Oregon Report Finds CCOs Improving Care for Medicaid Patients


The Oregon Health Authority released its third quarterly report tracking the progress of Oregon’s coordinated care organizations (CCOs) last week. While there are mixed results, the report shows that CCOs are continuing a trend of providing less costly, more effective care to Medicaid patients.

The report aggregates data from the first nine months of 2013, and shows how well CCOs are meeting 14 out of 17 performance-based health measures (three of the measures will be added later this year).

It’s the first time the quarterly reports show CCO-level data for each measure and compare them to 2011 “baseline” data that CCOs are already expected to meet or exceed. It’s also the first time CCOs are reporting cost-utilization data for primary, mental health, hospital, and other services.

In some aspects of care, the rate at which CCOs are improving care is astonishing.

The report shows that in nine months the number of providers using electronic health records (EHR) increased from 28 percent in 2011 to 58 percent.

Likewise, patients’ enrollment into patient-centered primary care homes—a team-based clinical approach that is the bedrock of CCOs’ work—has also increased substantially. For one CCO, Family Care, enrollment in patient-centered primary care homes climbed from 16 percent to 72 percent in less than a year.

“Patient-centered primary care homes are becoming the standard of care in the tri-county region,” Lori Coyner, the Oregon Health Authority’s director of accountability and quality, told the Oregon Health Policy Board during a recent board meeting.

The rate of emergency room visits decreased substantially, as did hospitalization for chronic conditions, including congestive heart failure, chronic obstructive pulmonary disease and asthma.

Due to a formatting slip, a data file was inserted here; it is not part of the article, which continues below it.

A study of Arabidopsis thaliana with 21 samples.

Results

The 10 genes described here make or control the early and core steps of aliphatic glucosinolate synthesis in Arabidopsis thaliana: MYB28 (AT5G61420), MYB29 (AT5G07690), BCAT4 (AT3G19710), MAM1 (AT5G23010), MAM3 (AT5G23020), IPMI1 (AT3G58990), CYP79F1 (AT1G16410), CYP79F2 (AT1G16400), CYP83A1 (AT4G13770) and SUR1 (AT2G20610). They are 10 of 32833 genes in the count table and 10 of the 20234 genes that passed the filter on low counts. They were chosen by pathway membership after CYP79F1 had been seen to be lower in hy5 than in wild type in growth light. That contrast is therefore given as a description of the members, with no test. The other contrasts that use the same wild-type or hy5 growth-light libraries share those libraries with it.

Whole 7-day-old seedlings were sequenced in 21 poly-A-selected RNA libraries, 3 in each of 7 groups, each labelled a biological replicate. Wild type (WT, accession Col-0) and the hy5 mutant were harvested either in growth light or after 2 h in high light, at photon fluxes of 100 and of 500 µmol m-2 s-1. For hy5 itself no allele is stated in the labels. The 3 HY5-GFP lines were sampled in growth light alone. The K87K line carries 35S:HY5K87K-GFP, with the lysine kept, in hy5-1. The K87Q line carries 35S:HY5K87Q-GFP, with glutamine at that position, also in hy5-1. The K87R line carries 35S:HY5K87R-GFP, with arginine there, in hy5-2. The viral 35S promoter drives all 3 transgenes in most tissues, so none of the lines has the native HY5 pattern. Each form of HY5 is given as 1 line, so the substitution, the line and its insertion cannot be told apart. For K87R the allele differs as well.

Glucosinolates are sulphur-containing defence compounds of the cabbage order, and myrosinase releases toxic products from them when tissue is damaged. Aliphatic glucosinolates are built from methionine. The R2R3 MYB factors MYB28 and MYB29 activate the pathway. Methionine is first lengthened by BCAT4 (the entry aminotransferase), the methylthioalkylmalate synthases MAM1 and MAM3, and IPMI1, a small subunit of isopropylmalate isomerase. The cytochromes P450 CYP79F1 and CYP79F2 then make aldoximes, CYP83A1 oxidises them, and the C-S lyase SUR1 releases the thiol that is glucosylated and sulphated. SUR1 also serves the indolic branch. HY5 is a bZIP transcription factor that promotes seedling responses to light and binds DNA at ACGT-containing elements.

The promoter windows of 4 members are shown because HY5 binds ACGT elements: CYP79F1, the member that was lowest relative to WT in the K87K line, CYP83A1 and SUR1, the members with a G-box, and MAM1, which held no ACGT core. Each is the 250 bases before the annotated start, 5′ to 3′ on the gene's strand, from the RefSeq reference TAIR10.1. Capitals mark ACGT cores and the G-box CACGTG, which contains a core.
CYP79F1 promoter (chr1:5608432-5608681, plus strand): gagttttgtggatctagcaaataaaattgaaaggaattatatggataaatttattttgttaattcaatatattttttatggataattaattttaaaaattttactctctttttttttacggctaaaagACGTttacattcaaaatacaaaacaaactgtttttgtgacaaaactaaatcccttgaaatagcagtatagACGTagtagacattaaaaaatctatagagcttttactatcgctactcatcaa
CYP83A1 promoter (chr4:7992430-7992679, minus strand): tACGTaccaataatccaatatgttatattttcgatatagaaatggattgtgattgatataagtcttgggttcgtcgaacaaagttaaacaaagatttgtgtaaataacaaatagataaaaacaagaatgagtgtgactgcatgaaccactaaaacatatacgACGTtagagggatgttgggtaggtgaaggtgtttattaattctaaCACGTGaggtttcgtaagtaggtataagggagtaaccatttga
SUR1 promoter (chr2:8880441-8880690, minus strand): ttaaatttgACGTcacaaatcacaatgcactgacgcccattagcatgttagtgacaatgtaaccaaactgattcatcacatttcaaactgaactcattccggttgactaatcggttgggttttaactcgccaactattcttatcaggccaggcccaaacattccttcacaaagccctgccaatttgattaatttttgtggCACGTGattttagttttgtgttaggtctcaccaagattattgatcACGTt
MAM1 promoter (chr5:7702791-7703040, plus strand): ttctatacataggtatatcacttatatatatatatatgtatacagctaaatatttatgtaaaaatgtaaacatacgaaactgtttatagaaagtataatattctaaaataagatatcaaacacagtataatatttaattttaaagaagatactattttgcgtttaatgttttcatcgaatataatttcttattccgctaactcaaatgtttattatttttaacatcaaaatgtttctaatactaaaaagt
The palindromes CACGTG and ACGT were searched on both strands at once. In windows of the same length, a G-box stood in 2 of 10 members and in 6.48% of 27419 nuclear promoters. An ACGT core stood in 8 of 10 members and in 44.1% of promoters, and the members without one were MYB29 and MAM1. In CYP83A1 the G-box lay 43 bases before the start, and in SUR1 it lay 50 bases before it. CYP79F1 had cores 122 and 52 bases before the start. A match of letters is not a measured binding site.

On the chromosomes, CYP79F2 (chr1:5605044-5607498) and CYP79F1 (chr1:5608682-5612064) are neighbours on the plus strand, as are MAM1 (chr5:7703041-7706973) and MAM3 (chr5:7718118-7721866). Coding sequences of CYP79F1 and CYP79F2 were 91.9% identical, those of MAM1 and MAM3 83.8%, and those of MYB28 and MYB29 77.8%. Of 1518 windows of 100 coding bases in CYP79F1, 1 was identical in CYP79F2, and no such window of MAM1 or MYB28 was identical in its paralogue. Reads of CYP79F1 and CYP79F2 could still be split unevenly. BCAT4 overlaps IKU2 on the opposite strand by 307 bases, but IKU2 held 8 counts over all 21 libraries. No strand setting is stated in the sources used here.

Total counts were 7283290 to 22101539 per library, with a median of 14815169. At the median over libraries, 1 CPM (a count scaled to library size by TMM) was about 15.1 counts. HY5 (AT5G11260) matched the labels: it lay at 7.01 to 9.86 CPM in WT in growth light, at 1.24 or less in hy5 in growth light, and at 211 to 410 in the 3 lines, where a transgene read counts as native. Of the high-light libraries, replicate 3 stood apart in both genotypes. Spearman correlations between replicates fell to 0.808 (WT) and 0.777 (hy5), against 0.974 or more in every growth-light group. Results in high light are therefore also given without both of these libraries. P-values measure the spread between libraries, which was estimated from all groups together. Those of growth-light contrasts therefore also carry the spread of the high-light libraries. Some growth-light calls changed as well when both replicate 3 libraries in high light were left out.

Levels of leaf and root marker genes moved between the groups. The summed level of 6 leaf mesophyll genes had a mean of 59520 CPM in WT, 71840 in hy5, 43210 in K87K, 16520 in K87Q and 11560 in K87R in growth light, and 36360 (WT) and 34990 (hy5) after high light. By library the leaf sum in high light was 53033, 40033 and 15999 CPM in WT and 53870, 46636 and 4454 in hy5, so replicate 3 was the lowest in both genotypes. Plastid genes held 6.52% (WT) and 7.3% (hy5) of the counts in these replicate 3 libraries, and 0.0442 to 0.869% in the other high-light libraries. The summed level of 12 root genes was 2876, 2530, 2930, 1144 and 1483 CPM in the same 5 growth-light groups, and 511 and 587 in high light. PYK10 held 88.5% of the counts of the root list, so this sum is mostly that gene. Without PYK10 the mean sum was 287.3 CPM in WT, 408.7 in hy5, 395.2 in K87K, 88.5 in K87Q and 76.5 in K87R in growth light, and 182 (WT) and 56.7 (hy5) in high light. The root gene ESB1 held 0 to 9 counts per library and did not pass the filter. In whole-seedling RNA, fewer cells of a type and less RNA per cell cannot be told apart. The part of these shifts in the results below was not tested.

Coyner told State of Reform that emphasizing primary care and preventative medicine is “crucial” to CCOs achieving these types of results. It’s also indicative of a strategic move on many CCOs’ part to focus on “high utilizers,” or patients who frequently use the costliest types of care, and provide intensive care and case management.

Targeting specific patient populations with increased services is part of the reason the rate of young children who received screenings for developmental, behavioral or social delays climbed approximately 11 percent in the last nine months.

Umpqua Health Alliance’s rate shot from one percent to 27 percent, because the CCO had some pediatrician practices that were able to quickly start providing screenings. Eastern Oregon’s CCO began working with Oregon Pediatric Society, which provided training and support, and their rate increased from seven percent to 29 percent.

“The part that is gratifying is that we’re seeing programs are matched with results,” Coyner said.

Some data shows some setbacks. The number of children who receive a strep test if they have a sore throat, for instance, decreased slightly among many CCOs since the 2011 baseline data.

Coyner said the setbacks shouldn’t be viewed as problematic. Some of it could be attributed to seasonality, since many children go to the doctor in the fall before school starts.

“It’s an example where we know the measure is increasing over time, and we expect it to jump above the baseline by the time we have a full year of data,” Coyner said.